Fig, Meet Pig

| September 6, 2009 | 0 Comments
Figs photo by James Ormsby

Figs are sexy. Why? Is it their smooth, barely downy skin, so much like a soft cheek? Is it their plump, curvy shape, swerving out and in like a hip or breast you can surreptitiously palm right there in the produce aisle? Is it the drop of nectar that drips from the flower end at the moment of perfect readiness? Unlike the other fruit of our late summer, the plums and peaches, the raspberries and early apples, figs are all seedy lushness. There is no sweet-tangy snap, no whiplash between sugar and acid. Instead, figs are fleshy, breaking apart easily against the tongue, an odalisque who needs no convincing to roll back and give in.

Which makes gilding the lily, or the fig, even more alluring. A naked fig is nice, but a fig burnished with pomegranate syrup, rolled in prosciutto, and stuffed with a pinkie’s worth of goat or blue cheese, is divine.

Tracing the genesis of a recipe that you think is original is always an entertaining exercise in the anxiety of influence.

I’d cede the original concept to a fabulous salad of grilled fig, arugula, and pancetta dressed with a port and fig-vinegar vinaigrette that I had at The Girl & the Fig restaurant, back in Glen Ellen sometime in the late 90s.

Then there was the cold plate of figs and proscuitto shared with a date at an Italian restaurant in New York City on a balmy summer night some ten years later. Good, we agreed, but it could be better. A month or so later, my old pal Bucky and I ended up at the posh Brandy Library bar in Tribeca, sipping Ukiah’s Germain-Robin XO brandy and nibbling what the kitchen there had dubbed Figs & Pigs, in which heat had definitely been applied to said proscuitto and figs, to fine effect.

Hitching a ride along the way was my fondness, nay, obsession with pomegranate molasses, the perfect way to add a fruity zing to earthy vegetables, like beets, which are all sweetness with no snap.

Finally, it all came together in my Brooklyn living room, late summer 2005. I invited the Italian-restaurant date home for my own version of Figs & Pigs. September figs, maybe Black Missions or Kadotas, were cut crosswise halfway through and plumped with a nubbin of cheese, soft goat for me, blue for her. Then the figs were tightly swaddled with a strip of proscuitto and perched on a lightly oiled baking sheet. Meanwhile, a half-and-half mixture of balsamic vinegar and pomegranate molassses was simmering on the stove over medium heat, bubbling down to a runny syrup. When it was just slightly thickened, it was drizzled lightly over the figs, the whole tray then popped into a hot oven, about 400 degrees. A few minutes, 5 at the most, and the fig were oozing and yielding, the cheese slightly melted and the syrup just sticky.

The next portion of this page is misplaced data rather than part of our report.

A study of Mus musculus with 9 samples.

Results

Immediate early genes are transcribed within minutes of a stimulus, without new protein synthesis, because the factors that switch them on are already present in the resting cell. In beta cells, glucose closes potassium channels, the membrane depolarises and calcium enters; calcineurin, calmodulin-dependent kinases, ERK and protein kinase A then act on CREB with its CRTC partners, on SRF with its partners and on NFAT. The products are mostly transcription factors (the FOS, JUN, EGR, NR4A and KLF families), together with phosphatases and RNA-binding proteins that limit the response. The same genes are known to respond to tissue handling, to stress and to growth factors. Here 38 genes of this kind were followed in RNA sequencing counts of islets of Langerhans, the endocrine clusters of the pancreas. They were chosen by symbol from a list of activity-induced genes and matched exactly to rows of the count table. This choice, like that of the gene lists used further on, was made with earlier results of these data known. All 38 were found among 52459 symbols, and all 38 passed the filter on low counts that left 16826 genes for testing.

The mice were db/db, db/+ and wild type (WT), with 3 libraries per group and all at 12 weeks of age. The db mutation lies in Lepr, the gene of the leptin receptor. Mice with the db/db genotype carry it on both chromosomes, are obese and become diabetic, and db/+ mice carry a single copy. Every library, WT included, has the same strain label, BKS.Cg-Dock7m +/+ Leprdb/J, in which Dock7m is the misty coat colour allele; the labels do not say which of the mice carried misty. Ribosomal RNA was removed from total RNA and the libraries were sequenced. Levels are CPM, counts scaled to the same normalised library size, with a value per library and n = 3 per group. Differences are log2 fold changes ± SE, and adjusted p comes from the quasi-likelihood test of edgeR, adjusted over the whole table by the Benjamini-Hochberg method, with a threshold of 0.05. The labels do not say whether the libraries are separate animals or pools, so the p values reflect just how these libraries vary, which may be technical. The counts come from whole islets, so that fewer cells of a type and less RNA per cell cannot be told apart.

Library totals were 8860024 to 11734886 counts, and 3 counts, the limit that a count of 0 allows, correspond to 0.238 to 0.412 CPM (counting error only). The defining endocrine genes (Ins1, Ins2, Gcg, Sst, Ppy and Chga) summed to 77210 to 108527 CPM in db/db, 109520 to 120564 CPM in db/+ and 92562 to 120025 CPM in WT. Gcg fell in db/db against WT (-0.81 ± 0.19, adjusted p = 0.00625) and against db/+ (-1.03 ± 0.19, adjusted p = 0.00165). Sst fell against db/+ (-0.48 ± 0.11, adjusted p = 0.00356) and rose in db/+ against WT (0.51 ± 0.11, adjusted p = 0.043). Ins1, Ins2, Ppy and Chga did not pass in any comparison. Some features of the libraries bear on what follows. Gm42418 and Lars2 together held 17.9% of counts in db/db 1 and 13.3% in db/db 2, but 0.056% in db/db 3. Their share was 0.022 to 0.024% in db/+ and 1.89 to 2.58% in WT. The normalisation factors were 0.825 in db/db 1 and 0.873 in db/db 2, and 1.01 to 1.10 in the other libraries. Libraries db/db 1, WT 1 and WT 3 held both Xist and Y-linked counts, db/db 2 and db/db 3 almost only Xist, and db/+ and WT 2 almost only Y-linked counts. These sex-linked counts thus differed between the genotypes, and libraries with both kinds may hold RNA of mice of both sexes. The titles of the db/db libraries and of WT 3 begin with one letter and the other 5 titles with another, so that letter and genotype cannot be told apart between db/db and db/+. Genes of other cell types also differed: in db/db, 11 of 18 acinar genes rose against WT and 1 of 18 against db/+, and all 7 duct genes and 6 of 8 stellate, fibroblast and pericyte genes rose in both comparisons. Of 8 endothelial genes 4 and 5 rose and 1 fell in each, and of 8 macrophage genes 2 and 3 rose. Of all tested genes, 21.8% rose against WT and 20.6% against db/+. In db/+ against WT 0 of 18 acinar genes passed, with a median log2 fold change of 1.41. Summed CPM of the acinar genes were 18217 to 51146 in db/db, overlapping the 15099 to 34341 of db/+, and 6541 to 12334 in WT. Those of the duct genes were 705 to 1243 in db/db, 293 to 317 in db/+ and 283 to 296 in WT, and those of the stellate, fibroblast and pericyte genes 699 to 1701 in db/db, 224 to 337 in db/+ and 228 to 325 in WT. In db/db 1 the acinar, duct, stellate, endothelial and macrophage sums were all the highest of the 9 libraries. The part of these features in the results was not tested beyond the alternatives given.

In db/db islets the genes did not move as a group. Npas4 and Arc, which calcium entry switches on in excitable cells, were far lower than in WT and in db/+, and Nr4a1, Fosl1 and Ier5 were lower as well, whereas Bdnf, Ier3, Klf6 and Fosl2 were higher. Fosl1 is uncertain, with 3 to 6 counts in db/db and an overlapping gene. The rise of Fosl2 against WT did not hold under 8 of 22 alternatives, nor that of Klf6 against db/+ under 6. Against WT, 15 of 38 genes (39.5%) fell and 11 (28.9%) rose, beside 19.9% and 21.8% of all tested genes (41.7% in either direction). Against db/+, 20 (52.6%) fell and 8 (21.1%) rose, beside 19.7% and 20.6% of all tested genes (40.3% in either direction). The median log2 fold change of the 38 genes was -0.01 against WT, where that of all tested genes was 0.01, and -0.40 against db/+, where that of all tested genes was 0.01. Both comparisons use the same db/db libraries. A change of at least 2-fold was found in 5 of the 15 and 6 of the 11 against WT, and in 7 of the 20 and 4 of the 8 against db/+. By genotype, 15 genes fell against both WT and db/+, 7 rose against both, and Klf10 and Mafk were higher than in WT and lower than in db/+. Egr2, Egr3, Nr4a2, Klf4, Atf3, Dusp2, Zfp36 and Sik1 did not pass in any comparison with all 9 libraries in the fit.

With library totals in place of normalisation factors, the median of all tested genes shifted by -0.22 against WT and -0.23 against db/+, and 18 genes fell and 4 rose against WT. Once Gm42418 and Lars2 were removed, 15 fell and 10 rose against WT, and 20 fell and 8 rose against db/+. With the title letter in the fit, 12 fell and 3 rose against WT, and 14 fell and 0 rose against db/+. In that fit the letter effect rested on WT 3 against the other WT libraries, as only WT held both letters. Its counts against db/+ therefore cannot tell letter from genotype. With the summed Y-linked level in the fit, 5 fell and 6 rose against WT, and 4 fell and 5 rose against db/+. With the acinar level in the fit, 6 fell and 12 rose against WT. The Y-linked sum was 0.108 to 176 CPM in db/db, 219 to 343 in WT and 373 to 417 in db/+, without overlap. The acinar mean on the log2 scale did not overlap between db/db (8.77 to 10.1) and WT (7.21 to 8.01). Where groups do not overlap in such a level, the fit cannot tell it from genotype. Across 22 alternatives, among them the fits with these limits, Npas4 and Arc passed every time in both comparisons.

Out of the oven, onto a plate, they were drizzled with more syrup and served one by one from my hand to her lips while reclining on the couch.

And if there’s another appetizer that can more emphatically assure that you’ll never get to the main course, I haven’t met it.


Stephanie Rosenbaum Klassen is a longtime local food writer, author, and cook. Her books include The Art of Vintage Cocktails (Egg & Dart Press), World of Doughnuts (Egg & Dart Press); Kids in the Kitchen: Fun Food (Williams Sonoma); Honey from Flower to Table (Chronicle Books) and The Astrology Cookbook: A Cosmic Guide to Feasts of Love (Manic D Press). She has studied organic farming at UCSC and holds a certificate in Ecological Horticulture from the Center for Agroecology and Sustainable Food Systems. She does frequent cooking demonstrations at local farmers’ markets and has taught food writing at Media Alliance in San Francisco and the Continuing Education program at Stanford University. She has been the lead restaurant critic for the San Francisco Bay Guardian as well as for San Francisco magazine. She has been an assistant chef at the Headlands Center for the Arts, an artists' residency program located in the Marin Headlands, and a production cook at the Marin Sun Farms Cafe in Pt Reyes Station. After some 20 years in San Francisco interspersed with stints in Oakland, Santa Cruz, Brooklyn, and Manhattan, she recently moved to Sonoma county but still writes in San Francisco several days a week.